Democrat leaders in the House and Senate are invoking the threat of “Big Brother” in an attempt to undo the changes Congress made to the Foreign Intelligence Surveillance Act (FISA) before leaving for August recess.
The modifications, which will expire in just six months, patched the so-called “terrorist loophole” in FISA that was hampering the intelligence community’s collection of information on terrorists in foreign countries. Intelligence agencies were spending critical time seeking court approval for surveillance of foreign persons outside the United States due to outdated provisions in FISA.
Because the new law is only a temporary fix, the Bush Administration could face a steep hurdle to make it permanent. Many of the moderate or Blue Dog Democrats who supported the changes will face pressure from House Speaker Nancy Pelosi (D.-Calif.) and Senate Majority Leader Harry Reid (D.-Nev.) when it comes to the floor next time.
Pelosi has already directed Judiciary Chairman John Conyers (D.-Mich.) and Intelligence Chairman Silvestre Reyes (D.-Tex.) to draft a new version before the law expires. “Many provisions of this legislation are unacceptable, and, although the bill has a six month sunset clause, I do not believe the American people will want to wait that long before corrective action is taken,” she wrote in an Aug. 4 letter, shortly after the House vote.
Armed with fresh evidence that al Qaeda and other terrorists still pose a significant threat to the United States, Director of National Intelligence Michael McConnell oversaw an intense lobbying effort in the days before Congress adjourned that convinced enough Democrats to support the revisions. Pelosi and Reid, who promised to act on FISA before the August recess, had no choice but to accept the result when their alternatives failed.
Forty-one House Democrats backed the Republican-drafted legislation, which passed 227-183. Reid lost 16 Democrats in the Senate, including two, Mary Landrieu (La.) and Mark Pryor (Ark.), who face potentially tough re-election fights in 2008. Also among the 16 were four Senate newcomers: Bob Casey Jr. (Pa.), Amy Klobuchar (Minn.), Claire McCaskill (Mo.) and Jim Webb (Va.). The Senate bill passed on a 60-28 vote.
The Bush Administration’s next test is convincing those Democrats to make the FISA fix permanent—a stiff challenge given the reaction of the party’s liberal wing in the wake of the vote. Both Pelosi and Reid faced criticism from liberal activists loathe to hand the White House a victory, even on the issue of terrorist surveillance.
Although the changes to FISA will go a long way toward improving intelligence collection, the effort to undo them is already taking root among liberal interest groups and left-wing blogs. The American Civil Liberties Union has warned that our democracy is threatened, and the popular liberal blog DailyKos has posted a list of FISA “cowards”—the Democrats who supported the modifications.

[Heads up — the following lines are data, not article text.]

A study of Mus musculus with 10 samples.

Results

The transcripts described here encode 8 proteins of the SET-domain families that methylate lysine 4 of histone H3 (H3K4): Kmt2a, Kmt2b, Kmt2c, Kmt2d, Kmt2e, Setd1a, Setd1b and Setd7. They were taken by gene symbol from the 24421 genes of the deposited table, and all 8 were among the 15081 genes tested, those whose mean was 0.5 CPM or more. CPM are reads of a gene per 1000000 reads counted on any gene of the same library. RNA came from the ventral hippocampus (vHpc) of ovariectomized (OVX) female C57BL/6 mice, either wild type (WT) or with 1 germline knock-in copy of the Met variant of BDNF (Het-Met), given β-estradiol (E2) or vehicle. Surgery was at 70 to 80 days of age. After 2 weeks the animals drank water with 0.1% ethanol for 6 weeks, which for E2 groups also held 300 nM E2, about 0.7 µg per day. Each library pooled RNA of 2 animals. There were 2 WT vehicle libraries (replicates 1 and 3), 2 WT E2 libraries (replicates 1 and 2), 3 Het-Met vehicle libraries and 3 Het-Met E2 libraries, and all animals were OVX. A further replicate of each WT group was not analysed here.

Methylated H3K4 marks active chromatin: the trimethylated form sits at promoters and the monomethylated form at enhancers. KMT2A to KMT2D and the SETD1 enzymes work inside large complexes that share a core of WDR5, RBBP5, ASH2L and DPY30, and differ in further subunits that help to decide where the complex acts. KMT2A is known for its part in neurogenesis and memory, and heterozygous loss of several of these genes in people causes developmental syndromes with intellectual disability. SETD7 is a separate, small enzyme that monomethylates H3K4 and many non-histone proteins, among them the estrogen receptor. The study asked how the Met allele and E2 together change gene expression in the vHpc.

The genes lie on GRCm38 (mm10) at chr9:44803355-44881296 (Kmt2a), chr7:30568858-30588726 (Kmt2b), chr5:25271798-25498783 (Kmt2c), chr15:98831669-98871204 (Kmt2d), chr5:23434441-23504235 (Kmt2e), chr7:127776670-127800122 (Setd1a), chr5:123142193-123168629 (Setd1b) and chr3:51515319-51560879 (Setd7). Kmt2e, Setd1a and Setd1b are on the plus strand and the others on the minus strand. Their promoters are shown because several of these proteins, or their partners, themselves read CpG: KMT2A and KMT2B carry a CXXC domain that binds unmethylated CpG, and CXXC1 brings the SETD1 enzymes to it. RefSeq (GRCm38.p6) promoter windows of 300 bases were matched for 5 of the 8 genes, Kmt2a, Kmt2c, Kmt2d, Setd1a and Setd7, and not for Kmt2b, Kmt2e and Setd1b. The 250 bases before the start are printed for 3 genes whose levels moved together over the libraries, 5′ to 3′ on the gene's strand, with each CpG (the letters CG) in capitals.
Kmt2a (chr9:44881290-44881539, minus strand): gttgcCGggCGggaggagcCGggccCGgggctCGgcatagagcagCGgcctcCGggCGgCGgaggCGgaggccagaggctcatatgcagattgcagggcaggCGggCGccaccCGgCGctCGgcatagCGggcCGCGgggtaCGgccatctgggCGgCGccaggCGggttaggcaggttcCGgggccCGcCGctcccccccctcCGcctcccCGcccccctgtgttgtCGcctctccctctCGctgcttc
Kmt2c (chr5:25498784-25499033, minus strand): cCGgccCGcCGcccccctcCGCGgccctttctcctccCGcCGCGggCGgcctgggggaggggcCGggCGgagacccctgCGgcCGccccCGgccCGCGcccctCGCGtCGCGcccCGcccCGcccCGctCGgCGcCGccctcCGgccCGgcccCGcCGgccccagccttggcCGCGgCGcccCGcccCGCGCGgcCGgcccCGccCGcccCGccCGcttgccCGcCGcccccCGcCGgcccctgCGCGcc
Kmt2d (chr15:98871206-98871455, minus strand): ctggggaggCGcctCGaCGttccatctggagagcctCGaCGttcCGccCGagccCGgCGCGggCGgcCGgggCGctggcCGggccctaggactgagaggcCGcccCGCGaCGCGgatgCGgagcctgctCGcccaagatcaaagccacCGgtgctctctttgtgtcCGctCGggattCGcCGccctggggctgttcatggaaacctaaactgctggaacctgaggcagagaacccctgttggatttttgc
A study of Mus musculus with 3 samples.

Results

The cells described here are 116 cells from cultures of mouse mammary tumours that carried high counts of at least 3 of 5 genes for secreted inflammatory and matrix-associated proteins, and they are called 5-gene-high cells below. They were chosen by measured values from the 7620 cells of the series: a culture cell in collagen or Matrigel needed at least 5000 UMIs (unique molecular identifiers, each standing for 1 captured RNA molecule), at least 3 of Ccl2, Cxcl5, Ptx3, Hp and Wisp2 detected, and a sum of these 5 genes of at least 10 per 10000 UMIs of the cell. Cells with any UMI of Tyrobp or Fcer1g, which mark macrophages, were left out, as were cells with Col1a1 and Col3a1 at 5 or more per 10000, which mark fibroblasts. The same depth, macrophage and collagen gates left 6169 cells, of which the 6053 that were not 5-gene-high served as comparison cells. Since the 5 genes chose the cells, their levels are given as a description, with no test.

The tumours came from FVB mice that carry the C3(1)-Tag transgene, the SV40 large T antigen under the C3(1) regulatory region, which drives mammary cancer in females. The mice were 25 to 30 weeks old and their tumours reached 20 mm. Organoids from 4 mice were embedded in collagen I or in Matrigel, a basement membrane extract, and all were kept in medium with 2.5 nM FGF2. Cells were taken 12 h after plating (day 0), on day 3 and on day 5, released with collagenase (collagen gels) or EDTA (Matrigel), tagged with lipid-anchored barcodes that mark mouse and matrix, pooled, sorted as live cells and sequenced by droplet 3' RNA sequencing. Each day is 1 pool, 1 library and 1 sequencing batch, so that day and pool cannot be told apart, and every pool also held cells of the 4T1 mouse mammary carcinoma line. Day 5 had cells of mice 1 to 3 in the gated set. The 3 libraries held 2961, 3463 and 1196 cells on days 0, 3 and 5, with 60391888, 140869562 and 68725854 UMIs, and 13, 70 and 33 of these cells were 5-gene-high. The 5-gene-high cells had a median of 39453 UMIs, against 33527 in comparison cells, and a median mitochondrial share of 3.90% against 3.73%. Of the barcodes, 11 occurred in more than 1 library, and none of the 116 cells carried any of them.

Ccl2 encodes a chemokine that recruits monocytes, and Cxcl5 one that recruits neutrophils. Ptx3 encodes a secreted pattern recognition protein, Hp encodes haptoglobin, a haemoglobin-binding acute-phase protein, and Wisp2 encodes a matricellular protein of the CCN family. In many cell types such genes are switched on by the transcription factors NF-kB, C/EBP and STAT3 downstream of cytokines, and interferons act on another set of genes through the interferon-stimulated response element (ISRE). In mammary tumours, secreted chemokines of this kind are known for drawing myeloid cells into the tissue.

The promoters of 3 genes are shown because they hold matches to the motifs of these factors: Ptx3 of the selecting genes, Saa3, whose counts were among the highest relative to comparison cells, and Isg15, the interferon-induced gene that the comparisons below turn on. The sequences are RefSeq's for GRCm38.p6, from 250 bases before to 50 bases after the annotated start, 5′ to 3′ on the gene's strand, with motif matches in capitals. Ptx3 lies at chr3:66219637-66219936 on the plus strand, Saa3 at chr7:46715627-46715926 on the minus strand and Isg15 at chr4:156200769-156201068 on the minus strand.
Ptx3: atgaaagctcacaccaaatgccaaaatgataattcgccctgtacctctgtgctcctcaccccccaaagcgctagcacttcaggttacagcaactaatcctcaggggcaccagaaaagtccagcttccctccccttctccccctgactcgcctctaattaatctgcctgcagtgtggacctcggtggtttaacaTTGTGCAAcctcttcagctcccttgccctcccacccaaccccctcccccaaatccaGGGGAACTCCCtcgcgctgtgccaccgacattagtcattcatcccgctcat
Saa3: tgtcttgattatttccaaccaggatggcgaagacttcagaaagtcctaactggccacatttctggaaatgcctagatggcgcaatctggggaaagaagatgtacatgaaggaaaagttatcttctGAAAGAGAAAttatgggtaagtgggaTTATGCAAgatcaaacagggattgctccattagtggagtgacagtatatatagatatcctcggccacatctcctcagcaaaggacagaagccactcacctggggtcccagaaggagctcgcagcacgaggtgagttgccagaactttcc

Liberals have also ratcheted up attacks on Republicans. Citizens for Responsibility and Ethics in Washington filed a complaint with the Department of Justice accusing House Minority Leader John Boehner (R.-Ohio) of leaking classified information during an interview on Fox News. Boehner dismissed the accusation, noting that he said nothing more than what had already been publicly disclosed by the attorney general and director of national intelligence. CREW’s complaint, nonetheless, serves as distraction.
But Republicans aren’t turning away from the fight. They lost just two House members on the FISA vote and are working with the Bush Administration to ensure the language included in the new law is preserved and strengthened. Liberals are expected to challenge a provision that bars liability against telecom companies, which have faced lawsuits from the ACLU for providing support to the government in its terrorist surveillance efforts.
Part of the strategy will be setting the record straight. Rep. Pete Hoekstra (R.-Mich.), ranking member on the Intelligence Committee, wrote a four-page letter to the New York Times, chastising the paper for resorting to “scare tactics” that “knowingly and willfully” misrepresent the law. Hoekstra has been equally aggressive toward some of his Democrat colleagues in the House, accusing them of “demonizing Attorney General Alberto Gonzales and politicizing national security” rather than addressing FISA reforms.
Even McConnell, who has 40 years in the intelligence community and served as director of the National Security Agency under President Clinton, has fought back to correct the record. In a letter to Reid, McConnell clarified misconceptions about the law. One such claim liberals have invoked in the spirit of “Big Brother” is that intelligence agencies can listen in on Americans. Not so, said McConnell. He said a warrant would be needed to conduct such surveillance. “That was the case before this enactment and will remain the case after,” McConnell wrote.
Some conservatives, meanwhile, have privately told the White House it has already gone too far in compromising with liberals. These conservatives argue that the permanent legislation should go even further in updating the flawed FISA framework by limiting the ability of lawyers to interfere with vital military operations during a war.
With so much to do when Congress returns in September, it’s unclear how quickly Democrats will move to undo the changes to FISA. But if they put forward legislation similar to what they offered before—which only added bureaucracy to the process of intelligence collection—it’s unlikely to get any support from Republicans. (Democrats refused to even consult McConnell in advance of drafting their FISA bill.) Meanwhile, the Bush Administration will most certainly keep close watch of the 57 Democrats who voted in favor of the changes to make sure they don’t begin to waver.